The Foyle MLA said that it has taken parties too long to come to that realisation.
He said: “I’m glad to hear that Sinn Féin is moving to the position that I have been outlining for some time.
“Their initial reaction to my suggestion that calling for a border poll with no plan or idea on how it would be delivered would be madness was entirely negative.
“Indeed, they have spent months attacking SDLP members for that view.
“It has taken time, as these things often do, but I’m glad that Sinn Féin leaders are now coming to the SDLP position.
“People across this island are alive to the constitutional change that is unfolding in front of us.
“The Scottish people are about to embark on a new conversation about independence, it is likely that Boris Johnson will soon be the British Prime Minister.
“Old political certainties and old majorities are no more. On an island of many political minorities, the only option is to build a broad coalition for change.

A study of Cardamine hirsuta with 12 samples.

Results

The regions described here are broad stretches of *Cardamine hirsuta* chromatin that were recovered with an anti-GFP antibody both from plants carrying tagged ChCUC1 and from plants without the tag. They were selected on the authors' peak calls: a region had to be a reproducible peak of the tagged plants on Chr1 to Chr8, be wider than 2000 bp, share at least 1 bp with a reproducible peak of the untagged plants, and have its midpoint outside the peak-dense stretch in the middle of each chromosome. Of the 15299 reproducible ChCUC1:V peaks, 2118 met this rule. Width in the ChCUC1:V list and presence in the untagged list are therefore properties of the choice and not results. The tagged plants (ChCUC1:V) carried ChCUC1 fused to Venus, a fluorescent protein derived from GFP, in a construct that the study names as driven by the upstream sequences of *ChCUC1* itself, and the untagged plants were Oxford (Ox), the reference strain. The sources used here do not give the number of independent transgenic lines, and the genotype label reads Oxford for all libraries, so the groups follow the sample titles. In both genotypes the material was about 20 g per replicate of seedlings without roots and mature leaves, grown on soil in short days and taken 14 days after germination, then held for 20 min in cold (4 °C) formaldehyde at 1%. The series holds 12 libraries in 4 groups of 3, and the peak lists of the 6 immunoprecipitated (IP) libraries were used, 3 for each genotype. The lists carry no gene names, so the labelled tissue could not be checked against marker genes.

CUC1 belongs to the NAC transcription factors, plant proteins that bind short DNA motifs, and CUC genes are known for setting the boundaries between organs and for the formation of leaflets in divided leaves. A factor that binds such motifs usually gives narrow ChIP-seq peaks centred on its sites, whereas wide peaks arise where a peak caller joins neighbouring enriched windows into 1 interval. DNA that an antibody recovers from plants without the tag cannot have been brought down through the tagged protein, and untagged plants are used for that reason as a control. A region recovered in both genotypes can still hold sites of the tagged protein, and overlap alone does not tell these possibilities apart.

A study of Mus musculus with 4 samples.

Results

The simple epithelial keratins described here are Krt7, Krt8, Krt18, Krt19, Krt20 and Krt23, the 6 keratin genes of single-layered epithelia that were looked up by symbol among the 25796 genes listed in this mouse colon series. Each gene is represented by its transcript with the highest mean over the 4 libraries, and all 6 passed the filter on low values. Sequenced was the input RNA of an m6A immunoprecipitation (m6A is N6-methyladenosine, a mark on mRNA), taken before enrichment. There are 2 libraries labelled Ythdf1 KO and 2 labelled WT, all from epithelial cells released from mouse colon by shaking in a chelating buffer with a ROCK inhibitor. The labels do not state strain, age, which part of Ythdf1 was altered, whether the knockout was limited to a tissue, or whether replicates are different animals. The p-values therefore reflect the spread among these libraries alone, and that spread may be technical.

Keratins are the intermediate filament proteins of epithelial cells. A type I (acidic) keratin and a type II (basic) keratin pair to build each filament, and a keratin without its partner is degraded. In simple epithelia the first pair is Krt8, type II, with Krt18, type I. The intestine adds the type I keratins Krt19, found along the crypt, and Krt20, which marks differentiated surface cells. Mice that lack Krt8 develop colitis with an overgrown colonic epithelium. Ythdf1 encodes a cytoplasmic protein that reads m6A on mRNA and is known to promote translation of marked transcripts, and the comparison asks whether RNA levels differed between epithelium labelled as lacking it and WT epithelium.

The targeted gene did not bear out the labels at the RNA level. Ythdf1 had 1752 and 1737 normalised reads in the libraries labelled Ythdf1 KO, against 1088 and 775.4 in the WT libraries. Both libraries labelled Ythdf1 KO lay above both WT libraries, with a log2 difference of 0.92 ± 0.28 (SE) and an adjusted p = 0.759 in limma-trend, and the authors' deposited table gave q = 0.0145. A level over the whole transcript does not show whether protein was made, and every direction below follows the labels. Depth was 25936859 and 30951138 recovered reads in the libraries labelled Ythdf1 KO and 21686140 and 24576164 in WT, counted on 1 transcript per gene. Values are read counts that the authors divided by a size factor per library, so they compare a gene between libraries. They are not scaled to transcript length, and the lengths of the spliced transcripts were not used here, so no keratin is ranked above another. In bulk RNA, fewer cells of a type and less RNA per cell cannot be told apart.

“Scottish Independence campaigners compiled a 600 page manifesto outlining what health services, schools, the economy and investment would look like in their new Scotland.
“They built a vibrant coalition across classes, creeds and backgrounds.
“And even then, they fell just short. Irish Nationalism must learn that lesson.
“We must now put in the hard yards to persuade our friends and neighbours that their interests are best served in a reconciled and prosperous new Ireland. We must spill our sweat to create that vision.
“No one party can shape that vision of a New Ireland.
“I have previously proposed the re-establishment of the New Ireland Forum post Brexit to secure a broad investment from all parties.
“It remains the best way to produce a blueprint for unity.
“Let the conversation that we’re about to have be based on what’s best for people. Let it be a cross-community conversation on a vision for the future that reflects where we are and where we want to be.
“That’s the challenge that lies ahead,” added the SDLP leader.